For a while, the third floor of Black Hills State University's Woodburn Hall looked like a scene out of Disney Pixar’s movie "A Bug’s Life.” Unusual bug creations lined the hallway each one as unique as the students in BHSU instructor Ann Porter’s art class.

For the fall semester’s first assignment, students in the 100-level 3D design class were challenged to create a life-size cardboard self-portrait as a bug. The class is part of the required core for art and art education majors, Porter said.

“The bugs are more personal than you may initially think,” said Porter who was sitting between two such bugs.  A student who plays the violin created her bug in the shape of the instrument, Porter said. “All of these important, personal things to the student came out in their projects,” she said. “They worked hard and came up with these riotously funny things.” The self-portrait bugs, made from recycled cardboard, have now found homes throughout Woodburn Hall. Some can be seen relaxing on couches, others hiding in corners and hanging from the ceiling.

The art students used old paper towel boxes, packing material and brightly colored soda containers to create their masterpieces. After decorating Woodburn Hall, the bugs will be recycled once again.  The bug project follows BHSU’s commitment to sustainability. The University will participate in “National Campus Sustainability Day” Wednesday, Oct. 24 to inform the community and BHSU students about what is being done on campus and in Spearfish to decrease its impact on the environment.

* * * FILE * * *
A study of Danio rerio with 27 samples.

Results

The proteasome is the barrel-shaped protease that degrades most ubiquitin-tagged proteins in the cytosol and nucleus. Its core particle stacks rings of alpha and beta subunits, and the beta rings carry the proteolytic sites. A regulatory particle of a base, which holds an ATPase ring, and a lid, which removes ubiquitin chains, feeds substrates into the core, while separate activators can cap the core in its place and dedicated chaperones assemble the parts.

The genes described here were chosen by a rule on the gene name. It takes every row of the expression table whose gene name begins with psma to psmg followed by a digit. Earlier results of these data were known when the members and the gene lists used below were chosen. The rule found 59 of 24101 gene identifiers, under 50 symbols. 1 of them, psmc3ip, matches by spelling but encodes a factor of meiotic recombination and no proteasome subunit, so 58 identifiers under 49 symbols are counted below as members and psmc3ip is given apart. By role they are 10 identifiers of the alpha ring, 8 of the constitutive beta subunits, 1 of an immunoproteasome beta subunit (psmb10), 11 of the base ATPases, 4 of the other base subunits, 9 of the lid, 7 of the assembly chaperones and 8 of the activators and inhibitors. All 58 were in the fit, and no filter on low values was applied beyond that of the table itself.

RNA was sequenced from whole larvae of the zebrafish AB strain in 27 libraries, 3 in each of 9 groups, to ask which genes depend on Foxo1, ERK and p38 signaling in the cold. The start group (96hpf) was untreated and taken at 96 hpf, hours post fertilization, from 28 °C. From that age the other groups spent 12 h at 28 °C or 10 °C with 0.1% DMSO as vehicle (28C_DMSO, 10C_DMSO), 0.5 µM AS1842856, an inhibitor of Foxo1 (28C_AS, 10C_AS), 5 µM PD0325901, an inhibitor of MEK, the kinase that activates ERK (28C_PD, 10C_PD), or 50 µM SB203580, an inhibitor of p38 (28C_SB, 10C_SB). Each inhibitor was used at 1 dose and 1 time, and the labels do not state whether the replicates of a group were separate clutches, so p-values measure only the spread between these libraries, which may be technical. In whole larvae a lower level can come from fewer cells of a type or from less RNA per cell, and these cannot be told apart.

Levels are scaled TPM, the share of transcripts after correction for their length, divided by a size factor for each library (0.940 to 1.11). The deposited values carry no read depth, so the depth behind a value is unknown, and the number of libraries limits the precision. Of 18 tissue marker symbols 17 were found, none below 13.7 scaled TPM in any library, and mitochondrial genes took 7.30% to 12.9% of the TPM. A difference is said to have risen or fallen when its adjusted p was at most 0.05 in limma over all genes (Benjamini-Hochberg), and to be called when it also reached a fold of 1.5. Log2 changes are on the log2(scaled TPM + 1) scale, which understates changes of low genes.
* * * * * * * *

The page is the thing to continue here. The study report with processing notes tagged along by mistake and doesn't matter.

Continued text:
Porter always tries to do a large-scale cardboard construction project for her beginning level art students. “It allows students to go from two-dimensional to three-dimensional, and if they make mistakes it doesn’t cost that much,” she said. “It is easier to see your mistakes when you work big, and it’s a more exciting and dramatic finished project for the start of the semester.”  It follows the same process as working with steel except students use cardboard instead of steel and hot glue instead of welding, Porter said.  

“It is a productive way for students to get their feet wet,” she said.  

In past years, the cardboard projects included creating an abstract shape with only a 1 x 1 base; and “Underthe Sea” where students had the flexibility to design whatever sea creatures came to mind. “I really try to mix it up.”

Porter said she loves seeing what her students come up with and uses their creations to connect with them, especially at the beginning of the semester.

“That’s how I really get to know the students, through their art work, and that is more fun than I can say,” she said.

The students’ next assignment is to create a fossil that archeologists who come upon our civilization millions of years from now would discover, Porter said.